It was about one and a half years ago that I finally I arrived where I had always wanted to be and do what I had always wanted-- teach students, support small language communities and conduct research on African languages on my doorstep. The University of Cape Town and my new colleagues welcomed my efforts to establish the Centre for African Language Diversity-- CALDi as well as The African Language Archive-- TALA and I was recently appointed the Mellon Research Chair: African Language Diversity this initiative. The main aim of CALDi is to train young African scholars in descriptive linguistics and open up space for research into African languages at UCT with the hopes of countering the dominance of African linguistics outside the continent. It has been a great challenge for which my whole career has been a form of preparation...Read more
The Cambridge Handbook of Communication Disorders examines the full range of developmental and acquired communication disorders and provides the most up-to-date and comprehensive guide to the epidemiology, aetiology and clinical features of these disorders.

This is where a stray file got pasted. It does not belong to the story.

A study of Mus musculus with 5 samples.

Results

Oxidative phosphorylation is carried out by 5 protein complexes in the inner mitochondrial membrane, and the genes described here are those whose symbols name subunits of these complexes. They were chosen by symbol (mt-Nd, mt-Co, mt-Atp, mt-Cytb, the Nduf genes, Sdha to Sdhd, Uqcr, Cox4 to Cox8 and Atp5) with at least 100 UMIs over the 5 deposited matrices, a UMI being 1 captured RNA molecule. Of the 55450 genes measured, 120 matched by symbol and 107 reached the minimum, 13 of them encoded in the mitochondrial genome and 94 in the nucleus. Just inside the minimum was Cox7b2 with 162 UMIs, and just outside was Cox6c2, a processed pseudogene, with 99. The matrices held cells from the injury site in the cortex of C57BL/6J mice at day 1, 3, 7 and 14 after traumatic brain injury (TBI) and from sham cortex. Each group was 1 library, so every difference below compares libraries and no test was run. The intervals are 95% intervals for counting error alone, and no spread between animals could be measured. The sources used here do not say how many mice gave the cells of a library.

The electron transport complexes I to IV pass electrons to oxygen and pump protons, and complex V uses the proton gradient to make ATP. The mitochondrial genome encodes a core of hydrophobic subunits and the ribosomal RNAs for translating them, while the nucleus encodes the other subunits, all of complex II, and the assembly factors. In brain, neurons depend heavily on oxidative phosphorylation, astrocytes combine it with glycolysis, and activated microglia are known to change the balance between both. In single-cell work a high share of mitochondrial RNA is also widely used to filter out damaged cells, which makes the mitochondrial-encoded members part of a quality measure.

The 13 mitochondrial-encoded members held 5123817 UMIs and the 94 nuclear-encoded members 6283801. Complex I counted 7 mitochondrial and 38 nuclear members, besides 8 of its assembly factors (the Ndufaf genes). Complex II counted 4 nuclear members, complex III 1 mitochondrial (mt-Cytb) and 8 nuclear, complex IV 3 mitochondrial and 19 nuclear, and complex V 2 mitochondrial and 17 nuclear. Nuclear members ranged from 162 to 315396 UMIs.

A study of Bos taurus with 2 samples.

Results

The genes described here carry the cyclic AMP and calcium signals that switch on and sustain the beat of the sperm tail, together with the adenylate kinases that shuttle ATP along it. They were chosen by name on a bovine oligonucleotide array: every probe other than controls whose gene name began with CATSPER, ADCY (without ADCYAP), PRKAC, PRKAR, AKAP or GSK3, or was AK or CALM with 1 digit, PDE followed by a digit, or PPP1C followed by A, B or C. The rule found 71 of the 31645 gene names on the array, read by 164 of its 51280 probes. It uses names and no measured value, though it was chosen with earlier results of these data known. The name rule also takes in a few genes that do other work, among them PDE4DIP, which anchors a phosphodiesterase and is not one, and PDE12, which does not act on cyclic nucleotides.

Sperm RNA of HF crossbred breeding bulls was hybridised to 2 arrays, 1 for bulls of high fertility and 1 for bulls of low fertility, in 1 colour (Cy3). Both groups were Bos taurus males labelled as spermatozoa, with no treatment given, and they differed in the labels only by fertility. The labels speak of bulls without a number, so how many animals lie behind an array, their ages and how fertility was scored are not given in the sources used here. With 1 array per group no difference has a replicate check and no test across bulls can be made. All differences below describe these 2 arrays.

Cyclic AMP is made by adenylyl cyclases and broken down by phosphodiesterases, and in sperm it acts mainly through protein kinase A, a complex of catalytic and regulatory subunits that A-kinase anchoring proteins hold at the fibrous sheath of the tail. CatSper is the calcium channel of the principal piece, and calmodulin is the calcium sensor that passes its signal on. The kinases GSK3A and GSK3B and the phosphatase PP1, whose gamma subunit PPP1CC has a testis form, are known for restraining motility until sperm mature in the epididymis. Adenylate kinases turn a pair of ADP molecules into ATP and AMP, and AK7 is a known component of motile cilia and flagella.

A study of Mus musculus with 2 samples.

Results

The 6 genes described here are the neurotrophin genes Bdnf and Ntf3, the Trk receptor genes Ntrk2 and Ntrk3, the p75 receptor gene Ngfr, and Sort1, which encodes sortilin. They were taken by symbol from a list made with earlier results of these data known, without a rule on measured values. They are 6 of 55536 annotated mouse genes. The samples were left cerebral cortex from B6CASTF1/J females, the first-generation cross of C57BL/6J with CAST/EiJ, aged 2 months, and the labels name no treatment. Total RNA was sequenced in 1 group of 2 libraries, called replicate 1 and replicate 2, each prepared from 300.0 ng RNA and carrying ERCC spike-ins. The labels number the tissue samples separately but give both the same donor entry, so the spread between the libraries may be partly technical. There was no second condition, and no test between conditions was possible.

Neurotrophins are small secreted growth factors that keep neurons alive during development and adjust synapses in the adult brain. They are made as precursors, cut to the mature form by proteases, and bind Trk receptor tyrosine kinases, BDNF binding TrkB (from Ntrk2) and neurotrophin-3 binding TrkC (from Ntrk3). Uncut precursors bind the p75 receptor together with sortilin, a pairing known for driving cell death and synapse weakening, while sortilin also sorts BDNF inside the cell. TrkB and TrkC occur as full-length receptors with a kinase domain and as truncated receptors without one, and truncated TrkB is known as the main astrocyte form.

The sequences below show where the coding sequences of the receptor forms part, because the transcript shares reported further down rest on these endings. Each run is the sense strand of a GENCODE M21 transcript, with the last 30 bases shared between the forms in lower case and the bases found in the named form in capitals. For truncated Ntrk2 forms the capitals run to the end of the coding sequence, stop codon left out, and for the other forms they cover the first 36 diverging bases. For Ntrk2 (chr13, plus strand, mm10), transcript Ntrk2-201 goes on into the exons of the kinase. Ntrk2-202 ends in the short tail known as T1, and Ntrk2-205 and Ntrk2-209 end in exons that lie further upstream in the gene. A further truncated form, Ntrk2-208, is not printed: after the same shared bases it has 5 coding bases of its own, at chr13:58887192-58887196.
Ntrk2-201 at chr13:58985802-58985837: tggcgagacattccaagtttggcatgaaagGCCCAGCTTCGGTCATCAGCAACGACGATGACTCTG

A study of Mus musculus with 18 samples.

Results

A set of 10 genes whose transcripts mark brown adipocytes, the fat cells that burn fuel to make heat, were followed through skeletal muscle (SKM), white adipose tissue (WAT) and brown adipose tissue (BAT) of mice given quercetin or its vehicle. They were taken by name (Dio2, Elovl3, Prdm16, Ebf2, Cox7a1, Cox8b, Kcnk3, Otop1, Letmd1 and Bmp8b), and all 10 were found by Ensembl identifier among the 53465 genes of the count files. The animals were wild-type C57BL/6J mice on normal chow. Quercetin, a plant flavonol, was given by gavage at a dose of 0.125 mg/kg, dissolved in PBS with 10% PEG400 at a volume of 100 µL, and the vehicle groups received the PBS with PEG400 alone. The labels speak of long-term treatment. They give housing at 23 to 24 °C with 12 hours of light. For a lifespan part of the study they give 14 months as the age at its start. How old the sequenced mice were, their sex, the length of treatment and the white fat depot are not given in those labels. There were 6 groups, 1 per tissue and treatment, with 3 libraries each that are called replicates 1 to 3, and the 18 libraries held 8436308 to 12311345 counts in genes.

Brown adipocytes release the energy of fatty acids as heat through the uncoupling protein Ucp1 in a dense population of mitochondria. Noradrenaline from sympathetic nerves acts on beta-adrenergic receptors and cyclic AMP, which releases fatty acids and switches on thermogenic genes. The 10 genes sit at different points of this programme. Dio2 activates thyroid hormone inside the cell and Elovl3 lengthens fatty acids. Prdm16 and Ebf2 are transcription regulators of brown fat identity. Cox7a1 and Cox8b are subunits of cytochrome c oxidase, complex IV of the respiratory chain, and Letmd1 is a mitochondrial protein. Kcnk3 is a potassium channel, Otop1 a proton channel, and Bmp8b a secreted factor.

Challenges traditional scholarship on absurdist literature, privileging the reader and the genre’s stylistic achievements.
What is the literary absurd? What are its key textual features? How can it be analysed? How do different readers respond to absurdist literature? Taking the theories and methodologies of stylistics as its underlying analytical framework, Reading the Absurd tackles each of these questions. Selected key works in English literature are examined in depth to reveal significant aspects of absurd style. Its analytical approach combines stylistic inquiry with a cognitive perspective on language, literature and reading which sheds new light on the human experience of literary reading. By exploring the literary absurd as a linguistic and experiential phenomena, while at the same time reflecting upon its essential historical and cultural situation, Joanna Gavins brings a new perspective to the absurd aesthetic.